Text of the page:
Today, a storm is passing through both East and West Iceland. Although it is recommended you stay inside, if you have to go out, you better wrap up warm.
Last night and today, over half the country has had an orange storm warning. When an orange warning occurs, the weather will likely have an effect on transport and other infrastructure.
The storm has already affected people’s daily lives. Schools in the North have had to close for today and the electricity around Kirkjubæjarklaustur village cut out last night.
People in the East are advised not to go outside unless they absolutely have to. Those visiting that part of the country should spend the evening listening to the weather while enjoying a hot cup of cocoa and watching the latest season of Trapped.
See also: Trapped Episodes 3 & 4 Recapped
The weather for the rest of the country is slightly better than in the East, although it is not great. If you are not in the East of Iceland, here’s what you should wear if you want to brave the storm.
Lopapeysa Wool Jumper
When it comes to preparing for Icelandic conditions, nothing beats a good old fashioned wool jumper. Traditional Icelandic ‘lopapeysa’ is made from the fleece of Icelandic sheep which has two layers; a coarser outer layer and a softer inner layer.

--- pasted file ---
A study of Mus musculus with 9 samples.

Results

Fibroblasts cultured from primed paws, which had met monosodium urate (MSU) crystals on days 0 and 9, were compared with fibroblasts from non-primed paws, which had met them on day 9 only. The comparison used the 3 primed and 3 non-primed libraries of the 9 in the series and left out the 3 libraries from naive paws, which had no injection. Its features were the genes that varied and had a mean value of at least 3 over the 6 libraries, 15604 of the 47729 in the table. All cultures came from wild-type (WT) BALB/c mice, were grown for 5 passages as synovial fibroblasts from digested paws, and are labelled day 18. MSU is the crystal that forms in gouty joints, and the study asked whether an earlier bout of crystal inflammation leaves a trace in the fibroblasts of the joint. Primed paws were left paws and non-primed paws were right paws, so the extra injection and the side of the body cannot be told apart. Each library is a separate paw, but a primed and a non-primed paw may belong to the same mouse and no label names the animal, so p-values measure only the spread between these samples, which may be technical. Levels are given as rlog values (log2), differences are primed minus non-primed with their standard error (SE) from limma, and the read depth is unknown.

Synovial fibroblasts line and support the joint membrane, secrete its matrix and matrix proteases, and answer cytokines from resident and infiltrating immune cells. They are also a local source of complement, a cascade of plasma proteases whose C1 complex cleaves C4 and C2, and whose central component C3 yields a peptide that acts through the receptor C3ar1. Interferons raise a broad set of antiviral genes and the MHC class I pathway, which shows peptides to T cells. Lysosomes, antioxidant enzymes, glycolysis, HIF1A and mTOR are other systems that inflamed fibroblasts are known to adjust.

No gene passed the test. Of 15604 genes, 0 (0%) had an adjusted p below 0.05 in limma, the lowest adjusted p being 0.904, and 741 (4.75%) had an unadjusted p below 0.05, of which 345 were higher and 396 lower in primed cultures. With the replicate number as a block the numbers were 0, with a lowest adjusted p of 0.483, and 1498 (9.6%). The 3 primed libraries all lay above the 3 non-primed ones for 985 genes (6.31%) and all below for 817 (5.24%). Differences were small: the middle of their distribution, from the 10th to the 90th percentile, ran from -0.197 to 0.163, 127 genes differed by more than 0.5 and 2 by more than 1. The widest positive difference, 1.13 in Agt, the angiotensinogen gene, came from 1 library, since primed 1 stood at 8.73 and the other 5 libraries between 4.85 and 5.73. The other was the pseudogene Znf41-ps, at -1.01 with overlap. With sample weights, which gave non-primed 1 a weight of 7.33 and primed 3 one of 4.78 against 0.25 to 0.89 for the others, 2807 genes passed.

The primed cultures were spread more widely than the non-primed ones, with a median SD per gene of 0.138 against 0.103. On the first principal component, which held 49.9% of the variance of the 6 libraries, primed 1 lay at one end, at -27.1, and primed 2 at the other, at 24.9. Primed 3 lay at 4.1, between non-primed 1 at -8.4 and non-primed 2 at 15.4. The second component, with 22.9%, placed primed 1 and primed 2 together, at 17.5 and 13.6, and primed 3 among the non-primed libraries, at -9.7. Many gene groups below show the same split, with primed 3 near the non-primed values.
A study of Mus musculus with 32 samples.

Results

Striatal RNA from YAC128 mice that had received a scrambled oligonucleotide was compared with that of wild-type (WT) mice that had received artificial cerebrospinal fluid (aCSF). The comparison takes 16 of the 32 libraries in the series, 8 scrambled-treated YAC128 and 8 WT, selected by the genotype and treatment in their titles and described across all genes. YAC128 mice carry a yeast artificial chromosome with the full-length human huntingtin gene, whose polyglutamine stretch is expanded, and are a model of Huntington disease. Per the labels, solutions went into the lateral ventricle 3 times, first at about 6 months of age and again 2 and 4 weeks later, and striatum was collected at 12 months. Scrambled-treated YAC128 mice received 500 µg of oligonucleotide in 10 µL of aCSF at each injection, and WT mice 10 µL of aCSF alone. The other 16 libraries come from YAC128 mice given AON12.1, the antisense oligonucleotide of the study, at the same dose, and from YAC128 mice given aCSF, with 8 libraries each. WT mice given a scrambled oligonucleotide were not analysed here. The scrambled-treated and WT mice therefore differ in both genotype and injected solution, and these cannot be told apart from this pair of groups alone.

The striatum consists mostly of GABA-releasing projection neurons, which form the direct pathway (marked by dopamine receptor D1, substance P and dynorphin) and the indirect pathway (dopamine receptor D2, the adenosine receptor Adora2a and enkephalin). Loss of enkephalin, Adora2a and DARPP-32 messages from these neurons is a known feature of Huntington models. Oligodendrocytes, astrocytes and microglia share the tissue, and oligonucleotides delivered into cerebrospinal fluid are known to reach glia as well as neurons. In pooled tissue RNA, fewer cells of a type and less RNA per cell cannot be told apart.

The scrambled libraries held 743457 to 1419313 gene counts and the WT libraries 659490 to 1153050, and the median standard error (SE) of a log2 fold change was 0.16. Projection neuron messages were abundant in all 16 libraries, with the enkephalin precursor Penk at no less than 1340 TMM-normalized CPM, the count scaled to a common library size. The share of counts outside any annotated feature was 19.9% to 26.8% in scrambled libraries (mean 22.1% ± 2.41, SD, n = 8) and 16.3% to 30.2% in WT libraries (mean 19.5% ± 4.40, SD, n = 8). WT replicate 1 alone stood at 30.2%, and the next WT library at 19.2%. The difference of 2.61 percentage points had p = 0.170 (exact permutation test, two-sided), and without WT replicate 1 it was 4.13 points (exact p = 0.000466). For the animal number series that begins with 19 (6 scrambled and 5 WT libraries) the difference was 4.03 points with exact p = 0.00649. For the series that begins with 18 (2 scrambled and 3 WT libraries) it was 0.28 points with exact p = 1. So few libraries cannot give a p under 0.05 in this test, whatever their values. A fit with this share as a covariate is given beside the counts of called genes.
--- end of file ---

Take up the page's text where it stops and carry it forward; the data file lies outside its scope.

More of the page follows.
These wool jumpers are water resistant and insulating, not to mention beautiful. We recommend buying one to take home with you as a souvenir.
UN Women Beanie
During your stay in Iceland, you might notice cool locals wearing hats with the letters F and O on them. These stylish beanies aren’t just a way to keep warm, they’re sold to raise funds for UN Women. The letters stand for Fokk Ofbeldi, which translates to F#&% Violence, a great message to plaster on your forehead.
An added bonus is the fact that the letters are made of reflective materials. The idea behind this is to light up the darkness surrounding violence against women. It also happens to make it easier for cars to see you when it starts getting dark in the evenings.
If you’ve arrived in Iceland ill-equipped for a storm, do not fear, there are services available where you can rent clothes suitable for the climate.
This can also save you shoving thick coats and snow trousers in your luggage. Simply rent some online before your arrival and remain warm and cosy throughout your trip.
See also: Iceland in February
The best way to dress warmly is to wear layers. Not the kind of layers Disney Channel stars wore in the early 2000s where they layered a vest over a t-shirt over a button up. No, we mean layering wool and fleece and rainproof outer-wear.
This might be common sense but it bears repeating. Having wet feet is the absolute worst, it makes you cranky and is a recipe for getting a cold.
If you’re travelling in Iceland, wearing waterproof shoes, preferably hiking boots, is the best thing you can do for your feet.